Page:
By Charlie Loran •
Published: 27 Sep 2020 • 10:26
YOM KIPPUR is a Jewish holiday, also known as the Day of Atonement, this year it will begin on the evening of Sunday, September, 27, and end on Monday, September 28. But what is Yom Kippur and why is it such an important day?
Some Jews prefer not to write the word God. They use G-d instead as a sign of respect. Which you will notice I have done to honour their values on this religious day throughout this article.
When written in Hebrew, G-d’s name can never be erased or destroyed. The Hebrew letters of the name for G-d are YHWH, and this is never said out loud by Jews.
Yom Kippur is an important day, observed with a day of fasting, repentance, and worship, considered as the holiest day in Judaism.
Also known as the Day of Atonement, it is a day when Jewish communities around the world reflect on the past year and ask G-d’s forgiveness for any sins they have committed.
But how is it celebrated? And where does it come from? Here’s what you need to know.
Yom Kippur falls on the 10th day of the Jewish month of Tishrei (September or October in the Gregorian calendar).
It marks the culmination of the Days of Repentance or Days of Awe, a 10-day period of reflection that follows Rosh Hashanah, the Jewish New Year.
This year Yom Kippur will begin on the evening of Sunday 27 September and end on Monday 28 September.
The origins of Yom Kippur trace back to the story of Moses, after the people of Israel made their exodus from Egypt.
After Moses climbed Mount Sinai, G-d gave him two tablets containing the Ten Commandments. The first commandment told people that they should not worship anyone other than G-d.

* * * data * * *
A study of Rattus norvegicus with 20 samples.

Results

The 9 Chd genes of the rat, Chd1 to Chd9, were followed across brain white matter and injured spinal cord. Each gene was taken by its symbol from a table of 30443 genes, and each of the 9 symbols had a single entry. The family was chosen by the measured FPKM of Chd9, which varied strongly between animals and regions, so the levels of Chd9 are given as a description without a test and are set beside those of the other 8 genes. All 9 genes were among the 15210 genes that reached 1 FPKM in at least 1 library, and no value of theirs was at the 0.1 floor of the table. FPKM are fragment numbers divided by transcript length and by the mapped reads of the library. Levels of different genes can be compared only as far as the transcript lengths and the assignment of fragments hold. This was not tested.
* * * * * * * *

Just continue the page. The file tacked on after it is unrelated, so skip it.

However, when he descended from the mountain, Moses caught the Israelites worshipping a golden calf and shattered the holy tablets in anger.
The Israelites atoned for their idolatry and G-d forgave them on the 10th day of Tishrei, which then became known as Yom Kippur.
Millions of Jewish families around the world mark the important day of Yom Kippur by fasting for 25 hours.
Anyone who must eat due to health reasons will not be required to fast. Children under the age of nine are also exempt.
Most of the day is spent at the synagogue, where five prayer services are held (instead of the traditional two). These are known as Maariv, Shacharit, Musaf, Mincha, and Neilah.
Maariv includes the recital of a prayer service called Kol Nidre, which takes place on the eve of the holiday. Kol Nidre is more than a technical vow-annulment procedure. Rather, by releasing our vows we are asking G-d to reciprocate in kind. In the event that He has pledged not to bring the redemption just yet, in the event that He made an oath to bring harsh judgments on His people in the following year, we ask that He release these vows and instead grant us a year of happiness and redemption Yom Kippur concludes with the Neilah service and the blowing of the shofar, an ancient instrument, which marks the conclusion of the fast. After the service, people usually break the fast and celebrate with a family meal.
It is customary to wear white, as a symbol of purity during the day. As a way to atone and seek G-d’s forgiveness, some Jews make donations or volunteer their time to charity in the days leading up to the holiday.
We hope you enjoyed this article “What is Yom Kippur and why is it such an important day?”.
Former chef and restaurateur, holistic health fanatic and lover of long words.